Expectations: The Good News and the Bad News
“Great Expectations” works well as the title for that classic Charles Dickens’ novel. The idea of “great expectations” works, too, when you are setting career goals. The good news about “great expectations”: When you expect and encourage yourself to succeed, you are much more likely to do it.
Sounds pretty good, huh?
So what’s the bad news about “great expectations”?
Simple. We can make ourselves and everyone around us miserable if we live by what we “expect” them do to, or how we “expect” things to be done. In fact, this kind of “expectation” can destroy a relationship. They don’t do what we think they should. Or it’s not done the way I expect it to be done! And we get angry because our “expectations” are not met…and it goes downhill from there.
Let’s start with Thanksgiving dinner as an example. What do you “expect” to have happen at Thanksgiving? For some, it’s a turkey dinner with stuffing and gravy and your favorite side dishes – just for you and your spouse. Or it might be a huge family celebration, with everyone bringing something. Maybe a group of friends getting together. Is is a buffet? A sit-down formal dinner? Or maybe it’s just snack food and football, with barbecue later. Who cooks? Who cleans?
Now I’d like you to challenge yourself: Where did you get your ideas about what makes a “great” Thanksgiving?
What we grew up with usually feels “right”, or what we strongly want to have happen feels right. Those are our “great expectations”. It’s the way it’s supposed to be.
How is that a problem? Because the other person may have the Opposite idea of what makes a great Thanksgiving!
And if you don’t realize that ahead of time, and collaborate on helping everyone meet their needs the best you can, well, there are going to be angry, upset, resentful people making Thanksgiving pretty miserable for all concerned. Your “great expectations” set you and them up for an awful holiday…and who wants that?!
Here’s another example of how “expectations”, especially when they are not communicated to the other person, gets you in trouble:
My late husband and I were both teachers. It had been a draining semester, with huge classes, added to tons of projects and committees. We were both desperately looking forward to Spring Break. A couple of weeks before break, I said to Brad, “I am really looking forward to a relaxing Spring Break.” He agreed. He wanted a relaxing Spring Break, too. And that was the end of the conversation.
We were both Communication majors – you’d think we’d know better. But nope! Neither one of us realized we hadn’t explained our “expectations”, in other words, what we each had in mind as a “relaxing” Spring Break. Uh, oh!
A few days before break, Brad said, “I’ve talked to Bill, and he’s taken vactaion time from work. He and his fiancee and her baby daughter will come visit over Spring Break. You and she can do things together, and Bill and I can golf. This will be so relaxing.” Oh, my Gosh! My idea of “relaxing” had been to sleep in, sit on the couch and read or watch TV, go out to eat, and maybe take a couple of walks. Low stress. Instead, Brad had arranged one of the most high stress events possible. I had met the fiancee once ten years before. We had less than nothing in common. On top of that, her daughter was 18 months old, and my house was not baby proofed. So guess what I was frantically doing the last few days before break?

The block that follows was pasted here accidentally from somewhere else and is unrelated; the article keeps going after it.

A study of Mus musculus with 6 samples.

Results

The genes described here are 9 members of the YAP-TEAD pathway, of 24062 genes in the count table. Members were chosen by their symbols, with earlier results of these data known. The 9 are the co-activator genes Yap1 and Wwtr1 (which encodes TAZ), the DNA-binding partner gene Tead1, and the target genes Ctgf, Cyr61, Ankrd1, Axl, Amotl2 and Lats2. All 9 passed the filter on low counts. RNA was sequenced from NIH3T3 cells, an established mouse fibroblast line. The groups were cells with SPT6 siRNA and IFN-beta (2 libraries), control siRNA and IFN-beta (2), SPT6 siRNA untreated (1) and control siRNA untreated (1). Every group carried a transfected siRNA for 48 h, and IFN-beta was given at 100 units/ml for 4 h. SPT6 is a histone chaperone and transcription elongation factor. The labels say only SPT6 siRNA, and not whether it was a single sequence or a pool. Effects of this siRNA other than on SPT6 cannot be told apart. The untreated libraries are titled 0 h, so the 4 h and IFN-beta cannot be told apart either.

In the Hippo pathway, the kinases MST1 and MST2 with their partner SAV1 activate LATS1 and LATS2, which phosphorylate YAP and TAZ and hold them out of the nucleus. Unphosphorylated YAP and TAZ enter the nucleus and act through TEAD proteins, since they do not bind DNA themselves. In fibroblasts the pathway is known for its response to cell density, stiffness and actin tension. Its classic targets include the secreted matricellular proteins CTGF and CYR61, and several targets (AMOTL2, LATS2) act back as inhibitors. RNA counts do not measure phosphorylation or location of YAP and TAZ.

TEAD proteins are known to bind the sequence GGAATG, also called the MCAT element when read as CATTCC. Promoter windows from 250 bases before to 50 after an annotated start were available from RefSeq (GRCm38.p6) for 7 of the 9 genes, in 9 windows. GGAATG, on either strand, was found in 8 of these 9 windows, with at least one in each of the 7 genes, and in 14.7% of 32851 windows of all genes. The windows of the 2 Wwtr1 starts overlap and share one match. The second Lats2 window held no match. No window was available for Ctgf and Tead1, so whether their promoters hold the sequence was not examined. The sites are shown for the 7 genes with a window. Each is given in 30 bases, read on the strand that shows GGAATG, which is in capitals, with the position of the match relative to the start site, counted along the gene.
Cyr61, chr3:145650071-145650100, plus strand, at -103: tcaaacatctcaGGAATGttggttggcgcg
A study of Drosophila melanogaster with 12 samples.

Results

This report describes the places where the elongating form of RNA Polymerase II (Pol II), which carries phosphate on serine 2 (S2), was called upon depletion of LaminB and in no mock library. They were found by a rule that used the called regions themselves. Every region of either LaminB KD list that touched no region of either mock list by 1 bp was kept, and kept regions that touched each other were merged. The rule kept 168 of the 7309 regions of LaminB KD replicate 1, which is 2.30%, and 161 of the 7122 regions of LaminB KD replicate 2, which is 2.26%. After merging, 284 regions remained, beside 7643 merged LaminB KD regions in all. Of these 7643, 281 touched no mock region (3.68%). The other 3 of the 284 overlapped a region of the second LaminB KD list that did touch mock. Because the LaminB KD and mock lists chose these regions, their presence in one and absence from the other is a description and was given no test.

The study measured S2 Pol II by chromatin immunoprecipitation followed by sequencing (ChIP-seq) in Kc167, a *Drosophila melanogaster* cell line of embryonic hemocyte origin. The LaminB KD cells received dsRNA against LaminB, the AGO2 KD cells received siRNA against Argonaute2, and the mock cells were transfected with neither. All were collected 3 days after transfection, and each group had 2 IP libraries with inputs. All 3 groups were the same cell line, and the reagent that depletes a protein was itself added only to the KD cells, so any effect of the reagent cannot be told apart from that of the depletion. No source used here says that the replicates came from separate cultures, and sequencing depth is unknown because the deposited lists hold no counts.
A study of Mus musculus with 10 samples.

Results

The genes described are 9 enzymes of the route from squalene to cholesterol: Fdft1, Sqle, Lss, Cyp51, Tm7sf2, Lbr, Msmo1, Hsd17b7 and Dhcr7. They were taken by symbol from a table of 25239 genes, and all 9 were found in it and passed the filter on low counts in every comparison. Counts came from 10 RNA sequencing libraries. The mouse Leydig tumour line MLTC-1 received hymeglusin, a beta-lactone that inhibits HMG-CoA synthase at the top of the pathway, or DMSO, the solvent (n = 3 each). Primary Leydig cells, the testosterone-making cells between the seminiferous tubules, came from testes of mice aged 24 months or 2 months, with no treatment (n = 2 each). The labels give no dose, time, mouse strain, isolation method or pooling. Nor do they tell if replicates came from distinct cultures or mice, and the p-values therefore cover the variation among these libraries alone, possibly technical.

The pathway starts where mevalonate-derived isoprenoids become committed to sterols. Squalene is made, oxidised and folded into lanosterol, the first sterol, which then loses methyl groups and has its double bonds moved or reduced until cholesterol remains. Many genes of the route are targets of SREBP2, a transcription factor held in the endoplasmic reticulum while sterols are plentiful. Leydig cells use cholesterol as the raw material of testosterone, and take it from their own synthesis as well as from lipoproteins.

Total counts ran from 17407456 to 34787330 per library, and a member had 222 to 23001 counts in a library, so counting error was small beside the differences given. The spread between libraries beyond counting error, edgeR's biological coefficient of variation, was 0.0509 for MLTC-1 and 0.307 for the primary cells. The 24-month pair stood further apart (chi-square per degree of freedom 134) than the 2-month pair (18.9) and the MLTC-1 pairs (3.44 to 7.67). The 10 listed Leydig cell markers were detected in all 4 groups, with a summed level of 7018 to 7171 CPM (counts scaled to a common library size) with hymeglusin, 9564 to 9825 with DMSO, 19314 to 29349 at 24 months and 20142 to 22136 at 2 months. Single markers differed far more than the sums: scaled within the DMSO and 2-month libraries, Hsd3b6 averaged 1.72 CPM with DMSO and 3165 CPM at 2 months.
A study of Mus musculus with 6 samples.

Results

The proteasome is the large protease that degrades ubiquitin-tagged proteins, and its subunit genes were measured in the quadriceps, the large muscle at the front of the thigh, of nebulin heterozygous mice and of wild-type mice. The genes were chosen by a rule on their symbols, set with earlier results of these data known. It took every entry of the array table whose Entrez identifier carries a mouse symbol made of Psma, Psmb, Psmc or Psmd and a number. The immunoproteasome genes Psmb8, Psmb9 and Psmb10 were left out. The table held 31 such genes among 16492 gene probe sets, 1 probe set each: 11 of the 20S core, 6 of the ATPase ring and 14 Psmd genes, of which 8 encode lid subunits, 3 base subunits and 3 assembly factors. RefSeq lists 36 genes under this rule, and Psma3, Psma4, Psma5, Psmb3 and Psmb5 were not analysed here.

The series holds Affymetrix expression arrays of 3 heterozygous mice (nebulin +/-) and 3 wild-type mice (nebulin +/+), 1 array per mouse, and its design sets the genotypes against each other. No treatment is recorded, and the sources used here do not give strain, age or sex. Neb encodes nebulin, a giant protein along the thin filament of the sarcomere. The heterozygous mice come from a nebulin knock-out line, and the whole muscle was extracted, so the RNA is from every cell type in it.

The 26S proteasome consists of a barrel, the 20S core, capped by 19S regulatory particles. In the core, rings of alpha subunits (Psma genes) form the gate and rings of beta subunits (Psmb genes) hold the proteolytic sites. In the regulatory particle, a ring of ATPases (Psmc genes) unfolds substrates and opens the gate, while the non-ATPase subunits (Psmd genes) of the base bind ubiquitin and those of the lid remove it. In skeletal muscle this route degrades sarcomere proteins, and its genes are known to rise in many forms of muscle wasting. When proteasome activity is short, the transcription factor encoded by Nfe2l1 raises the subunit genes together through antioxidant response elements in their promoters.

The kindest way to describe that Spring Break was a disaster. Turned out, the fiancee had been told that I loved children (very true), and so I would babysit her toddler daughter so she could have a vacation. (WHAT?!) So the fiancee went off and shopped or whatever, leaving me with her toddler, while Brad and Bill golfed all day. Relaxing for Brad. 🙂 In the evenings, they all watched what they wanted to see on television, which of course was nothing I’d ever seen or cared to see again, while I cooked and cleaned and babysat. (Grumble, grumble….)
My Momma raised me to be polite. So I was….and I waited a couple of weeks to cool down before I brought it up with Brad.
I explained what I had been hoping for over Spring Break. His jaw dropped. I then told him how the Spring Break had been for me – being calm and factual. He apologized profusely….and then we started laughing at ourselves. We had been tripped up by our “great expectations”.
How do we handle those “great expectations”? First, instead of just “expecting” the other to know what we want, if there is something special we would like to have happen – Tell Them! Then ask them what they would like. “What would you like to have happen for Thanksgiving? or “…on our vacation”.
Next, we collaborate. What can we do to best meet everyone’s needs? This is where we get creative. What will make everyone the most content, or feeling as if they got what they wanted or needed?
Lastly, when we get really good at it, we’ll find we are often able to let go of our expectations, and just let it happen. We might even try something entirely new, and discover we like that way better. It is so much nicer, and it happens when we can let go of our “great expectations”.
The take-away is this: If you’re writing a classic novel, or goal-setting in your career, keep those “great expectations” going. But if you want a great relationship, try to avoid “expectations”. And when you realize you do have them, communicate what you would like. We are more likely to get what we want when we ask for it. And remember this about having some expectations. As the Disney song goes, we also can “Let It Go”, and have a lot more fun!